There are many spectacular and beautiful birds in Africa. The weaver family of birds are among the more colourful and interesting of them. Adelaide Zoo in South Australia – my home zoo – has a small collection of Grenadier Weavers, as shown in today’s photos. The colourful male is a spectacular bird indeed, especially when in breeding plumage which ranges from bright orange through to red.
Of peculiar interest in relation to this species is a closely related species, the Red Bishopbird. This member of the finch family, also native to Africa, is a commonly kept aviary bird. In the 1920s some of these either escaped or were released from captivity not more than 20km from where I live. A small population survived along the banks of the River Murray for some years, and they were even featured in some earlier field guides. This small population has obviously died out as there have been no reports of any birds since the late 1950s.
I must admit that I am not a fan of Lovebirds. I have heard that they can be very aggressive as a cage bird. I am also wary that some will escape from captivity and establish feral populations here in Australia. This has happened with other species over the years and it would mean that they would compete with native species for food and nesting sites.
Despite these feelings, I must admit that the birds shown in my photos today are attractive, so I can understand why some people would want to keep them as pets. These photos were taken through the wire of an aviary in the Adelaide Zoo here in South Australia.
Yellow-collared Lovebirds are native to Tanzania in southern Africa.
Adelaide Zoo has an excellent collection of birds, both Australian and non-Australian birds. In addition to those kept in aviaries, there is a thriving population of local birds which come in to feed in the animal enclosures.
Crested Pigeons are in evidence everywhere and on this occasion I managed a few good shots of some. This is generally very easy for they move quite unafraid amongst the zoo visitors. Those shown on today’s photos were feeding in the Emu enclosure, along with a few Spotted Turtledoves for good measure.
The nocturnal bird called the Tawny Frogmouth is one of my favourite birds. Ever since we saw one in a tree above our tent near Lake Hattah in north west Victoria many years ago, this species has had a special place in our lives.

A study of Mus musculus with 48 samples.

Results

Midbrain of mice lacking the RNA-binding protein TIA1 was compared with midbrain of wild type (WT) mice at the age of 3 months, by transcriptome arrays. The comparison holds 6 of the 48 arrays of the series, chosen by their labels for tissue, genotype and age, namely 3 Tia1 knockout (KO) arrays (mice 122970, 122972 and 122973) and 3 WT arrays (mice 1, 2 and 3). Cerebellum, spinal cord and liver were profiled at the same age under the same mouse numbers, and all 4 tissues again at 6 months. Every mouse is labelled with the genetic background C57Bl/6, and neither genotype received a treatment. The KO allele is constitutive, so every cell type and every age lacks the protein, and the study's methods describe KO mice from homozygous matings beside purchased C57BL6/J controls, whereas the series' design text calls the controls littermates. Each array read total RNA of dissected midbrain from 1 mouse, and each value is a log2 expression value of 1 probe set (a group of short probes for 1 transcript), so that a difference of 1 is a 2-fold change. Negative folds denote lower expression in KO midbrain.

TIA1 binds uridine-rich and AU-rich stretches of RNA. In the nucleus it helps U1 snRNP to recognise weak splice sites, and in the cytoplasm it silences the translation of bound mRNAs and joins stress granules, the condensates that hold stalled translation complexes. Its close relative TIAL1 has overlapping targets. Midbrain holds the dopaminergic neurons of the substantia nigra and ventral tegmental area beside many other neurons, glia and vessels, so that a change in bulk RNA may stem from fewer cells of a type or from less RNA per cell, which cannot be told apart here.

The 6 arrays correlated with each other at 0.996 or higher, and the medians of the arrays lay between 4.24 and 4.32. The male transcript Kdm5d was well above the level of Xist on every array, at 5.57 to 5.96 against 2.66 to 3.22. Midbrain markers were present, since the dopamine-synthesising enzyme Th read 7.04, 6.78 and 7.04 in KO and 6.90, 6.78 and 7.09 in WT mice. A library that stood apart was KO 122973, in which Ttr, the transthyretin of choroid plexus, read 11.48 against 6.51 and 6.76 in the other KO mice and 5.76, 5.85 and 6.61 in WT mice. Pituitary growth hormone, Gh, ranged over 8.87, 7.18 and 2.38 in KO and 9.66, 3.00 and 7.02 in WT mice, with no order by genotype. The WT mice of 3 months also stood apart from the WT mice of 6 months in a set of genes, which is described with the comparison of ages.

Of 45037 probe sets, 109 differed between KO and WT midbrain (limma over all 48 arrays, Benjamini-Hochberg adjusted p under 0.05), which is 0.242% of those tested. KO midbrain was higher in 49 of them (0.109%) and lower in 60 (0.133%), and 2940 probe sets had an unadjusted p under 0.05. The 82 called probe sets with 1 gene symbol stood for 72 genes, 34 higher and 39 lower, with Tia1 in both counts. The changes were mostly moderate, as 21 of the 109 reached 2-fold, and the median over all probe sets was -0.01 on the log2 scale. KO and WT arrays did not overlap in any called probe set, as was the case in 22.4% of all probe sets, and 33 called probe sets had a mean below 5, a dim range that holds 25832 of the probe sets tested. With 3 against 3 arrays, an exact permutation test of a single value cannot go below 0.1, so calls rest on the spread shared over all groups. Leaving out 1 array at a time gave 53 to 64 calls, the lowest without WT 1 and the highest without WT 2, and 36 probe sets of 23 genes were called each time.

Being nocturnal, it is not a bird seen all that often. It is more commonly heard calling at night. From time to time we have one in our garden. One has even banged against our sliding glass door whilst catching a moth fluttering there.
Finding them in broad daylight is a challenge. They are usually well camouflaged perched on the limb of a tree, their feathers blending in with the colours and markings of the branch. When smaller birds – such as honeyeaters – become aware of the presence of a frogmouth or an owl for that matter, they set up quite a fuss, drawing attention to the roosting bird.
The bird shown in today’s photos is a captive bird, part of the excellent collection of birds of the Adelaide Zoo in South Australia.
Adelaide Zoo in South Australia is celebrating its 130th birthday today.
This is a wonderful achievement, showing a commitment on the part of South Australians to keep this wonderful establishment going. I should admit here that am a long time Life Member of the Zoo, and visit as much as I can during the year. I am a member because I firmly believe in what the zoo is doing in preserving endangered species. Not only do they have an active breeding programme for such species, there have been a number of recent examples of zoo animals being released into wild populations to boost numbers in the natural environment.
One thing that keeps me returning regularly to visit is the excellent collection of birds. I’ve frequently photographed many of the birds in their collection and featured them here on this site. You can read these articles and see the photos by trolling through my Archives (see link above) or going to the categories on the side bar and clicking on “Adelaide Zoo” or “zoos“.
Meanwhile, below are some bird photos I have taken there recently.